Defending federal clean water protections

Clean water is a way of life in the South

We are leading the charge to defend national clean water protections that are now under attack. Clean water is fundamental to the South’s way of life. Every day, our families count on clean water for drinking, cooking, and bathing. Our farmers depend on clean water. Our local businesses rely on clean water—from our local breweries and restaurants to tourism, fishing, hunting, and outdoor outfitters. The health of our waters, families, and communities are tied together throughout the South.

Attacks on Clean Water Act protections

Despite the fundamental necessity of clean water, industrial polluters and other opponents of strong clean water protections want to limit the reach of the Clean Water Act, which has kept harmful pollution from being dumped into our nation’s waters for 50 years. This national law is a central tool used by state and local governments to protect clean water.  In 2020, the Trump-era EPA and Army Corps of Engineers finalized a rule to severely limit what waters are protected as “Waters of the United States” and remove federal protection from a host of critical upstream waters, tributaries, and millions of acres of wetlands. On October 3, 2022, the U.S. Supreme Court heard oral argument in Sackett v. EPA, a case backed by a coalition of polluters who are asking the court to overturn decades of consistent bipartisan practice and drastically reduce the scope of Clean Water Act protections.

The interests of industrial polluters cannot prevail over our nation’s Clean Water Act or the safety of our families and communities. Without strong federal clean water protections, vital streams, wetlands, lakes, and drinking waters sources–protected for decades by bipartisan practice–will be left open to destruction.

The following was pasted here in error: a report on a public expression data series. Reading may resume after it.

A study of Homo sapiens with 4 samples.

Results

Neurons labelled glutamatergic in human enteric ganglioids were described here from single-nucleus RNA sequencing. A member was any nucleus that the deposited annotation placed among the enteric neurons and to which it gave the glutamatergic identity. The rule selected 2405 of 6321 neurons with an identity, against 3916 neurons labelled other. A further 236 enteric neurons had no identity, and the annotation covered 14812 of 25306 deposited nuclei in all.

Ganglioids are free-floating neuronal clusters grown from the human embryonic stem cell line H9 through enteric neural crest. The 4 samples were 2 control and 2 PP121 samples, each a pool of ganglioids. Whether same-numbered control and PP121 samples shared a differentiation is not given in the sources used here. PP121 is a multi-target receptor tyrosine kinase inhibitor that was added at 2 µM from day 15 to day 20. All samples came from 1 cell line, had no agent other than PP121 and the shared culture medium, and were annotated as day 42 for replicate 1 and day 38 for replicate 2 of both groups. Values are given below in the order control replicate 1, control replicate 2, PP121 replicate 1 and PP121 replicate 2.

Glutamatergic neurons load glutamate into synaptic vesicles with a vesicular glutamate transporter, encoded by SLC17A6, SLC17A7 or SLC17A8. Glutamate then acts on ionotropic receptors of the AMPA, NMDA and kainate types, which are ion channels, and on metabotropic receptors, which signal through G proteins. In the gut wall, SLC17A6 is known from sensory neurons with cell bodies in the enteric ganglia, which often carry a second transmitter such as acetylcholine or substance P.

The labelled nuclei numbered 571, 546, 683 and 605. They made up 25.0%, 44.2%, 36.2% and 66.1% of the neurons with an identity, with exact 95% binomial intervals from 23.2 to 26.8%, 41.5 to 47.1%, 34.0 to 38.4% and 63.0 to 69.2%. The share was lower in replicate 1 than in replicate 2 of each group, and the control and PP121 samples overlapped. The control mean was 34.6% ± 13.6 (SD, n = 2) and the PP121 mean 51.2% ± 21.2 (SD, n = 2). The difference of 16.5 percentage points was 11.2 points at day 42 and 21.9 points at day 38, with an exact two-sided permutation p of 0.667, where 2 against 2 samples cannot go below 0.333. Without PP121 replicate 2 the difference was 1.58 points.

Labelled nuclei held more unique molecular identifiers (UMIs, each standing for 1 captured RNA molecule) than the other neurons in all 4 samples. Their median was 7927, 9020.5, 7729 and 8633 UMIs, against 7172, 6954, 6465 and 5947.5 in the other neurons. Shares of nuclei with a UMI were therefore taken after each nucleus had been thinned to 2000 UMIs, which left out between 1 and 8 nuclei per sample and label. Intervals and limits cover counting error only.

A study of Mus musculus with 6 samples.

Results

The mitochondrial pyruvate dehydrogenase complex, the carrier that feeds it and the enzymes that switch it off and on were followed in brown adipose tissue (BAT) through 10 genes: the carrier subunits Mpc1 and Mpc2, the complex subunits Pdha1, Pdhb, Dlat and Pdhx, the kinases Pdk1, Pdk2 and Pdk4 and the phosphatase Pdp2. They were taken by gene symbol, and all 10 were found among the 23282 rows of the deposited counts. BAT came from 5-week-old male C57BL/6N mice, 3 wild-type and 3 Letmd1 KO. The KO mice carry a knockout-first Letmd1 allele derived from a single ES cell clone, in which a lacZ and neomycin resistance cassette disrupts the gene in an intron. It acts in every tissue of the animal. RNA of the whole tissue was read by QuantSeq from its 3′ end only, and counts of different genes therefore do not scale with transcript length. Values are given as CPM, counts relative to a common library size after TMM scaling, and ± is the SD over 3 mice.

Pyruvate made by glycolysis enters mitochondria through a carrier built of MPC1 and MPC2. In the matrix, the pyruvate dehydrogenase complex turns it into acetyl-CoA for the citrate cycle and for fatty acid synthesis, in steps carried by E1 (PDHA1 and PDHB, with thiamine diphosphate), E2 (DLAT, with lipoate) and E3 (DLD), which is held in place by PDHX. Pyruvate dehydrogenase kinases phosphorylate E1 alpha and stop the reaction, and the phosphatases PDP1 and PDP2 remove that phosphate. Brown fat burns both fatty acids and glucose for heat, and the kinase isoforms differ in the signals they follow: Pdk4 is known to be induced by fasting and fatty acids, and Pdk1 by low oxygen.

Kelly Moser, senior attorney and leader of SELC’s Clean Water Defense Initiative

Clean water & waterways at risk

Under the Trump administration’s rollback of federal clean water protections,  millions of stream miles, tens of millions of wetland acres, and important recreational lakes and drinking water reservoirs in the United States were excluded from the Clean Water Act’s safeguards. Pollution into upstream waters spells trouble for everyone downstream. In the South, the removal of these protections put at risk the drinking water sources for over 35 million people, or three out of four Southerners.

The rule removed protections from upstream waters and smaller streams that feed our rivers; several public lakes including Lake Keowee, a drinking water reservoir for almost 400,000 people in South Carolina; and from wetlands that protect many Southern communities facing more frequent, intense rain events and flooding with climate change. Under the Trump administration’s rule, the Army Corps of Engineers removed protections from nearly 600 acres of wetlands in the path of the massive Twin Pines Minerals strip mine on the doorstep of the Okefenokee Swamp and from about 200 acres of wetlands that absorb floodwaters in a flood prone area for a large development, Riverport, near the Savannah National Wildlife Refuge in South Carolina. The opponents of clean water in the Sackett v. EPA asked the Supreme Court to narrow the scope of Clean Water Act protections even further, putting ever more streams, wetlands, lakes, and other important waters at risk.

Clean water initiative to preserve water protections

The best way to protect clean water is to stop harmful pollution at its source, before it reaches our streams, wetlands, and drinking water reservoirs. We and our partners, along with citizens across the South, are fighting to preserve longstanding Clean Water Act protections that make dumping toxic pollution into our waters illegal and provide our waterways with all necessary protections to keep them clean and safe for our families and communities who rely on them. 

Following federal court challenges by SELC and others against the prior administration’s rollbacks, the EPA and Army Corps announced plans to replace that destructive rule.  The Biden administration reported to the Supreme Court that it expects to finalize a rule by the end of 2022 to restore longstanding clean water protections.

SELC will continue to fight for the preservation of federal clean water protections that have allowed economic prosperity and environmental protection to go hand in hand over the last 50 years. Together, those of us who love this region we call home will beat back threats to the streams, wetlands, and lakes we hold dear and fight to preserve strong clean water protections.